Pre-OS Boot: ROMMONkit
ROMMON is a Cisco network device firmware that functions as a boot loader, boot image, or boot helper to initialize hardware and software when the platform is powered on or reset. Similar to TFTP Boot, an adversary may upgrade the ROMMON image locally or remotely (for example, through TFTP) with adversary code and restart the device in order to overwrite the existing ROMMON image. This provides adversaries with the means to update the ROMMON to gain persistence on a system in a way that may be difficult to detect.
Enable secure boot features to validate the digital signature of the boot environment and system image using a special purpose hardware device. If the validation check fails, the device will fail to boot preventing loading of unauthorized software.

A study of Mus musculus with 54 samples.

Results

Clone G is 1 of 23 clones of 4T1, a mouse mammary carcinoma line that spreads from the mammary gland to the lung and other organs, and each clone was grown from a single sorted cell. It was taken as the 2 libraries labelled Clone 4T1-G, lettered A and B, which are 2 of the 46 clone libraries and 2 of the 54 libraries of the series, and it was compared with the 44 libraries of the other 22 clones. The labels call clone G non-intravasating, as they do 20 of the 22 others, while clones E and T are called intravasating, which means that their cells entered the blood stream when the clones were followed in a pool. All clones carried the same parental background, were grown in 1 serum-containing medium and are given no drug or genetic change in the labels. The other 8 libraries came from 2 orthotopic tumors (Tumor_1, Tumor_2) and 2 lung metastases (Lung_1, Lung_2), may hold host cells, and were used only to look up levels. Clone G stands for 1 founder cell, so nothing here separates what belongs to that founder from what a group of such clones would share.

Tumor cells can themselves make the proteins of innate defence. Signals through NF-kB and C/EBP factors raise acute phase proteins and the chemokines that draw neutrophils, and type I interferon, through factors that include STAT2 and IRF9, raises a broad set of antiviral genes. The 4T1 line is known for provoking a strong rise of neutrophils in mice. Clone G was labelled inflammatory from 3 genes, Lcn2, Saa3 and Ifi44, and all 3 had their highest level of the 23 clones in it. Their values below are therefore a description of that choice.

|Network Intrusion Prevention||
Network intrusion detection and prevention systems that use network signatures to identify traffic for specific protocols, such as TFTP, can be used to mitigate activity at the network level. Signatures are often for unique indicators within protocols and may be based on the specific technique used by a particular adversary or tool, and will likely be different across various network configurations.
There are no documented means for defenders to validate the operation of the ROMMON outside of vendor support. If a network device is suspected of being compromised, contact the vendor to assist in further investigation.
- Graham Holmes. (2015, October 8). Evolution of attacks on Cisco IOS devices. Retrieved October 19, 2020.
- Omar Santos. (2020, October 19). Attackers Continue to Target Legacy Devices. Retrieved October 20, 2020.
- Cisco. (n.d.). Cisco IOS Software Integrity Assurance - Image File Integrity. Retrieved October 21, 2020.
- Cisco. (n.d.). Cisco IOS Software Integrity Assurance - Cisco IOS Image File Verification. Retrieved October 19, 2020.
- Cisco. (n.d.). Cisco IOS Software Integrity Assurance - Change Control. Retrieved October 21, 2020.
- Cisco. (n.d.). Cisco IOS Software Integrity Assurance - Secure Boot. Retrieved October 19, 2020.